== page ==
The risk of having potentially harmful chemicals in your drinking water may depend on your zip code.

A study published in the journal Nature Geoscience on April 8 found that higher amounts of PFAS (perfluoroalkyl substances) were found in drinking water in certain parts of the U.S.

PFAS — also known as “forever chemicals” due to how slowly they break down — are a group of chemicals used during industrial processes and the manufacturing of consumer products. 


There are many ways people can be exposed to these chemicals — including in drinking water.

To determine the prevalence of PFAS in the environment, researchers from the University of New South Wales (UNSW) in Sydney, Australia, analyzed a global dataset of 273 studies dating back to 2004.

The studies included data for over 12,000 samples of surface water (water that collects on the ground) and more than 33,900 samples of groundwater (water found underground, below the surface).


“We compared PFAS concentrations in these water samples to international regulations. We also compared the types of PFAS analyzed to what we found in consumer products.”

Nearly 70% of the samples had levels of PFAS that exceeded Canada’s minimum safety standards (30 nanograms per liter), while 6% had more chemicals than the European Union’s standard (100 ng per liter), according to the study findings.

In the U.S., PFAS “hot spots” were concentrated in the Midwest, New England and the West Coast, according to a map illustrating the findings — although the chemicals were also detected in other areas across the country.

Globally, Australia, Europe and China showed high levels.


“Our study found that a substantial fraction of sampled waters exceeded PFAS drinking water guidance values, with the extent of exceedance depending on the jurisdiction and PFAS source.”

Dr. Mark Fischer, regional medical director of International SOS, a health and security risk mitigation company headquartered in London, pointed out that most Americans also have these chemicals in their blood. 

“Although the use of these chemicals has declined in recent years, they are difficult to break down, so they are still found in some food, water and consumer products, as well as within the soil and the environment,” Fischer, who was not involved in the UNSW study, told Fox News Digital.

Most people in the U.S. have been exposed to these chemicals, most likely through contaminated food or their drinking water, according to the CDC.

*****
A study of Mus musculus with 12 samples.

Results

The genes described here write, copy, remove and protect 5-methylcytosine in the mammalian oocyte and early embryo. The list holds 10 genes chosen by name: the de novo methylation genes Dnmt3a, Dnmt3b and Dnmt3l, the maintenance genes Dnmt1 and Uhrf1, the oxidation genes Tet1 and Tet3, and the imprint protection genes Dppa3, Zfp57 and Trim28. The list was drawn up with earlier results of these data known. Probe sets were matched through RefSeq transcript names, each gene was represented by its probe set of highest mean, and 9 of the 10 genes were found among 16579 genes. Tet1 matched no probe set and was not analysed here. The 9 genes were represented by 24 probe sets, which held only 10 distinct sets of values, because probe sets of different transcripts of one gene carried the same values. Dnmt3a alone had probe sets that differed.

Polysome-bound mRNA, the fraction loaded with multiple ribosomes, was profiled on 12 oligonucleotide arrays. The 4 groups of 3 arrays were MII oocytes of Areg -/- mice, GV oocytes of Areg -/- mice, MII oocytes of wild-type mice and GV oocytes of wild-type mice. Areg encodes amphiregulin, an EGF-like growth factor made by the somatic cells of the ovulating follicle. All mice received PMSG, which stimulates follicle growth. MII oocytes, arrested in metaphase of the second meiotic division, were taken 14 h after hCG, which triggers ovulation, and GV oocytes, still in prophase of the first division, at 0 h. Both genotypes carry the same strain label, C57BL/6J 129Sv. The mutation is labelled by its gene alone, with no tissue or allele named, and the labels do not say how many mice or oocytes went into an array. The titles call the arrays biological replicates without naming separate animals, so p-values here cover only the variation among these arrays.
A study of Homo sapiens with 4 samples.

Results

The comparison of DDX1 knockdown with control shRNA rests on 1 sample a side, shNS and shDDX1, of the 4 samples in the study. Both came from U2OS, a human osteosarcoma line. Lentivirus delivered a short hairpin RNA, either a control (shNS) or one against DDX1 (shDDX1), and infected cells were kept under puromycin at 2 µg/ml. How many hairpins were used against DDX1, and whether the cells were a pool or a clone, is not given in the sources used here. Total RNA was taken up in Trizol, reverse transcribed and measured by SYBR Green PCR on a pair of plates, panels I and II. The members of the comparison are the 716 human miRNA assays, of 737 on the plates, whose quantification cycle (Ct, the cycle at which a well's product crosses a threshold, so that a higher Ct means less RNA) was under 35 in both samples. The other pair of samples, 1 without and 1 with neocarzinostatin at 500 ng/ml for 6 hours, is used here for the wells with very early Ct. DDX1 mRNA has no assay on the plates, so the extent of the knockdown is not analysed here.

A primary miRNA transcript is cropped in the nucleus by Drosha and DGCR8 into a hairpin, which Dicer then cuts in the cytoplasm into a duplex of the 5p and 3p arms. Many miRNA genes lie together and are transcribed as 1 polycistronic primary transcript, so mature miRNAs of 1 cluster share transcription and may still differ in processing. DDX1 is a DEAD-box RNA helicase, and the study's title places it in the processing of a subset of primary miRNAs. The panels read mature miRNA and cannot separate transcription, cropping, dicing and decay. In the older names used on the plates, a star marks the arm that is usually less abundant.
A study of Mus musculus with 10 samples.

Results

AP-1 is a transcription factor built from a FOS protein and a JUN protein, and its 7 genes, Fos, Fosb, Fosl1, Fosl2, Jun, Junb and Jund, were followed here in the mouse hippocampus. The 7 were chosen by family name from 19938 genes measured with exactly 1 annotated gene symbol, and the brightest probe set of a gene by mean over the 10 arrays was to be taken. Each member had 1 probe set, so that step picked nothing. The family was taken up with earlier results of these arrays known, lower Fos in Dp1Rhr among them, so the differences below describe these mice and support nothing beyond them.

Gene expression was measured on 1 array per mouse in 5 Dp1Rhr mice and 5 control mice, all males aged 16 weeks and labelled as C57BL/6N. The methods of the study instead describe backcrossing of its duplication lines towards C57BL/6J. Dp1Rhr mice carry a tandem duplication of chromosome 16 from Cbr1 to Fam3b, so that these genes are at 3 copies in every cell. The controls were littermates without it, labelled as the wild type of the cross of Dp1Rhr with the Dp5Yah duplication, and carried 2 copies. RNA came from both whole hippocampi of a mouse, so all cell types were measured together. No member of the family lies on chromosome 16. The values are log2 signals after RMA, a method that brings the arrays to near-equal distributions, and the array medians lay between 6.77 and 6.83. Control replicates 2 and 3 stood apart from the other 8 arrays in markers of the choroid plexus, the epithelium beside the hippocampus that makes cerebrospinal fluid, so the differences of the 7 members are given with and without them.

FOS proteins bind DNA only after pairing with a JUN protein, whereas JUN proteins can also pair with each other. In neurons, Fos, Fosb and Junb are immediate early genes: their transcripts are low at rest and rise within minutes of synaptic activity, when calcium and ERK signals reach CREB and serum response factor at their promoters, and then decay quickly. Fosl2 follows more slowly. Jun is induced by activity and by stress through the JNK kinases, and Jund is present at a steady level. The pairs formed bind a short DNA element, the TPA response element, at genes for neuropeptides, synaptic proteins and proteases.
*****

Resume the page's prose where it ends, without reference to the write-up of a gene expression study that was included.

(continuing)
Health risks associated with PFAS include cancers, elevated liver enzymes, lower birth weight and higher cholesterol, Fischer said. 

Other potential dangers include heart issues, plus immune and developmental damage, according to the Environmental Protection Agency (EPA).

“PFAS contamination has been identified in drinking water in all 50 states, according to the Environmental Working Group,” Fischer said. 

“That said, the levels of these chemicals vary throughout states and cities.”

The study did have some limitations, the researchers acknowledged. 

“We have measured a much wider range of PFAS in consumer products than in our waters,” said O’Carroll. 


The data was also limited to what the researchers could find, he noted.

“While we had data for over 45,000 water samples, even more data would be useful, especially for parts of the world where we had limited data.”

The actual amount of PFAS in water could be higher than what the study results imply, O’Carroll added.

“Current monitoring practices probably underestimate PFAS in the environment, given the limited suite of PFAS that are typically quantified but deemed of regulatory concern,” he said.

These are just one of the many types of chemicals that are used in daily life, O’Carroll noted.

“As a society, we need to consider the chemicals we use and reduce our use of some,” he advised. 

“Just because we can cheaply use a chemical doesn’t mean we should.”

On April 10, the EPA finalized new limits on the amount of PFAS chemicals permitted in drinking water.

The new standards could reduce exposure for 100 million people, potentially preventing thousands of deaths and tens of thousands of serious illnesses, the agency said in a news release.

This is the “first-ever national, legally enforceable drinking water standard” to protect people from the health risks of PFAS, the agency stated.

The 66,000 public drinking water systems in the U.S. will have three years to reduce PFAS levels to meet the new standards, according to the release.


Fox News Digital reached out to the EPA and the American Water Works Association for comment.